How Is Your Debt-to-Income Ratio Considered for a Home Loan?


Quick Answer

Mortgage lenders consider the borrower's debt-to-income ratios when evaluating whether or not the borrower can afford to repay the loan on the home, according to Bankrate. Credit history and down payment are also important for mortgage approval, but debt-to-income ratios indicates whether the borrower's income is sufficient.


The two primary debt-to-income ratios that mortgage lenders consider are the front-end, or housing expense ratio, and the back-end, or total debt-to-income ratio. The front-end ratio indicates how much of the borrower's pretax income would be dedicated toward the mortgage payment and related expenses, such as property taxes, homeowner's insurance, homeowner's dues and the private mortgage interest premium. Ideally, this should not be more than 28 percent of gross income each month. Calculating this involves multiplying annual salary by 0.28 and dividing the product by 12, reports Bankrate.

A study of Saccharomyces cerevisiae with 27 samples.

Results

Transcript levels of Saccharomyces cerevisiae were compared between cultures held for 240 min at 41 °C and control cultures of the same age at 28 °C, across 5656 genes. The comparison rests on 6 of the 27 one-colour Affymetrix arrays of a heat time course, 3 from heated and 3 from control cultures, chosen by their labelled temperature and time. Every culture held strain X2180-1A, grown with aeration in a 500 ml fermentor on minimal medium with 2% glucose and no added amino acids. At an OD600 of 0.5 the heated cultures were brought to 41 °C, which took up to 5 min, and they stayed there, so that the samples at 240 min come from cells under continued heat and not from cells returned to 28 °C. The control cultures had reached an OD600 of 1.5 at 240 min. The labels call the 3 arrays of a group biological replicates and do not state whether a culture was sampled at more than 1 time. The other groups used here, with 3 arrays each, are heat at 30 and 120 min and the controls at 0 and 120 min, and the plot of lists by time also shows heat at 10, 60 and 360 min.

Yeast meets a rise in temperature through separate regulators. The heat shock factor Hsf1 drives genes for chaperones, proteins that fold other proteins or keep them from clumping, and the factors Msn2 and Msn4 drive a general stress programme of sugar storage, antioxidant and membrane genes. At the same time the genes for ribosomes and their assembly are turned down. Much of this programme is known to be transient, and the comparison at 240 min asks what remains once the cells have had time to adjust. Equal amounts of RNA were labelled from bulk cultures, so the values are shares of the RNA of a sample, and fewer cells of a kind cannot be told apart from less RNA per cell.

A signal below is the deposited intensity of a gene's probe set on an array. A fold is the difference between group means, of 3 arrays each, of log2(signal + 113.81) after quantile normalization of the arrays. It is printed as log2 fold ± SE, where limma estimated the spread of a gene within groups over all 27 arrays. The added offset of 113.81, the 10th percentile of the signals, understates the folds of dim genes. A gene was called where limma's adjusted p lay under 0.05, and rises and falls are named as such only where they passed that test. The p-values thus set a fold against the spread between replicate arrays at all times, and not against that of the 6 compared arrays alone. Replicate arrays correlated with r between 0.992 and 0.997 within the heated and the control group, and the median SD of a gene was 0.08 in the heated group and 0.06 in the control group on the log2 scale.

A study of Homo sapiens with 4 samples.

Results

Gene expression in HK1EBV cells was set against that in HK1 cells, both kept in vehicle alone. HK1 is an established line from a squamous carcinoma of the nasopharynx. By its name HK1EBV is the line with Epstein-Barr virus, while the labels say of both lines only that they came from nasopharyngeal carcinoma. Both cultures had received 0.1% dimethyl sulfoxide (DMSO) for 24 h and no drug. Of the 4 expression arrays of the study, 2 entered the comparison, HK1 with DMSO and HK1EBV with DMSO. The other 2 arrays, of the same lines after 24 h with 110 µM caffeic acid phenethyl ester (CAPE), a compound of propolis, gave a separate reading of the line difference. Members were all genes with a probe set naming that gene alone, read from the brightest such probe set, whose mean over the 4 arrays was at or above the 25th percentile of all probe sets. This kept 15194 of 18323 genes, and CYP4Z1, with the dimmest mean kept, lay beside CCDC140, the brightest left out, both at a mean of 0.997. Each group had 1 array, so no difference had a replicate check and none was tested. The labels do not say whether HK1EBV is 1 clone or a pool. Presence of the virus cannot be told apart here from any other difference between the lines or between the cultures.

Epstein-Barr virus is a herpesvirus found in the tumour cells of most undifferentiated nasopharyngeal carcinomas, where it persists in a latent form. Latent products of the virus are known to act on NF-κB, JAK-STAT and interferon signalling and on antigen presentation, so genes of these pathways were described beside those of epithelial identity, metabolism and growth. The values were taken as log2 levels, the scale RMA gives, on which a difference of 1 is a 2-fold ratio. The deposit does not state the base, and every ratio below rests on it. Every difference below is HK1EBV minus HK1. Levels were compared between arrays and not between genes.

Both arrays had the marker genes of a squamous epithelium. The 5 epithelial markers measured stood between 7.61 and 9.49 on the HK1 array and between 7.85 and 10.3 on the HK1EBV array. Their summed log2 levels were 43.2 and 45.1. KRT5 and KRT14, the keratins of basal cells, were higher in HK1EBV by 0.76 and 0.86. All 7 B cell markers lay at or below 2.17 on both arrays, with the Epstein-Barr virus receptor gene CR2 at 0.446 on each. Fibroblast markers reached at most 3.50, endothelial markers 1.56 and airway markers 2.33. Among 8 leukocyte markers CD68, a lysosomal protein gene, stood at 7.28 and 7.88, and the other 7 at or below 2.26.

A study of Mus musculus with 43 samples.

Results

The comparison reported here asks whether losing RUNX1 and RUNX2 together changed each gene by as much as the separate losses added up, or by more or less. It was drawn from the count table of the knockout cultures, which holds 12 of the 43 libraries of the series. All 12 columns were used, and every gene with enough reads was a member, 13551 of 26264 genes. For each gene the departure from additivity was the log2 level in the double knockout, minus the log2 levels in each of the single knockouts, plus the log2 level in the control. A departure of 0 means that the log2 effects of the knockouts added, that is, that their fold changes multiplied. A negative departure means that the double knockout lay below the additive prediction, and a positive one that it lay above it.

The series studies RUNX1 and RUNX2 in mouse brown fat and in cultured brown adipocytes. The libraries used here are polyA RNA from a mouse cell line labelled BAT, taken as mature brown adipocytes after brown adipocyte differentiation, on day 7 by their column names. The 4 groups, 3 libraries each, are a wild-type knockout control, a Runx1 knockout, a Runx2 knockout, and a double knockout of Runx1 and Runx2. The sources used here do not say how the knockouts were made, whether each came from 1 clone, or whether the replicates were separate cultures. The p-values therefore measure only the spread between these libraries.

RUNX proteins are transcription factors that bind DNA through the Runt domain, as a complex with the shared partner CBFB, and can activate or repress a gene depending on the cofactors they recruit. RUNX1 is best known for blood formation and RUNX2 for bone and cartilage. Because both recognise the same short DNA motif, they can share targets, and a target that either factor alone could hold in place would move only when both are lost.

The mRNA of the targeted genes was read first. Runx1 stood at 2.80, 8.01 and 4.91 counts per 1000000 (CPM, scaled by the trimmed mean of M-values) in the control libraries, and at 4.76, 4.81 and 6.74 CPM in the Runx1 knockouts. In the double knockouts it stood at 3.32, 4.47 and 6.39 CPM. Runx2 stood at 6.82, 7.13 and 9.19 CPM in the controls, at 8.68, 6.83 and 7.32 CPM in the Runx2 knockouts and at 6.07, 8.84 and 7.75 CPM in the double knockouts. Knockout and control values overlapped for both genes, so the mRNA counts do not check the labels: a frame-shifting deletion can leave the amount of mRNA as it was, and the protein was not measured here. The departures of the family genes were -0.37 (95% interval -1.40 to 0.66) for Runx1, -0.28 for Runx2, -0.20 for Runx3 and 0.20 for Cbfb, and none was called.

The back-end ratio indicates gross income dedication toward all debt obligations. This includes the mortgage expenses listed above, as well as any child support obligations, student loans, car payments and credit card bills. This should not be more than 36 percent of gross income each month. Instead of using 0.28, lenders use 0.36 as the multiple when determining the back-end ratio. Lenders do not generally approve loans that go higher than either or both of these ratios, as stated by Bankrate.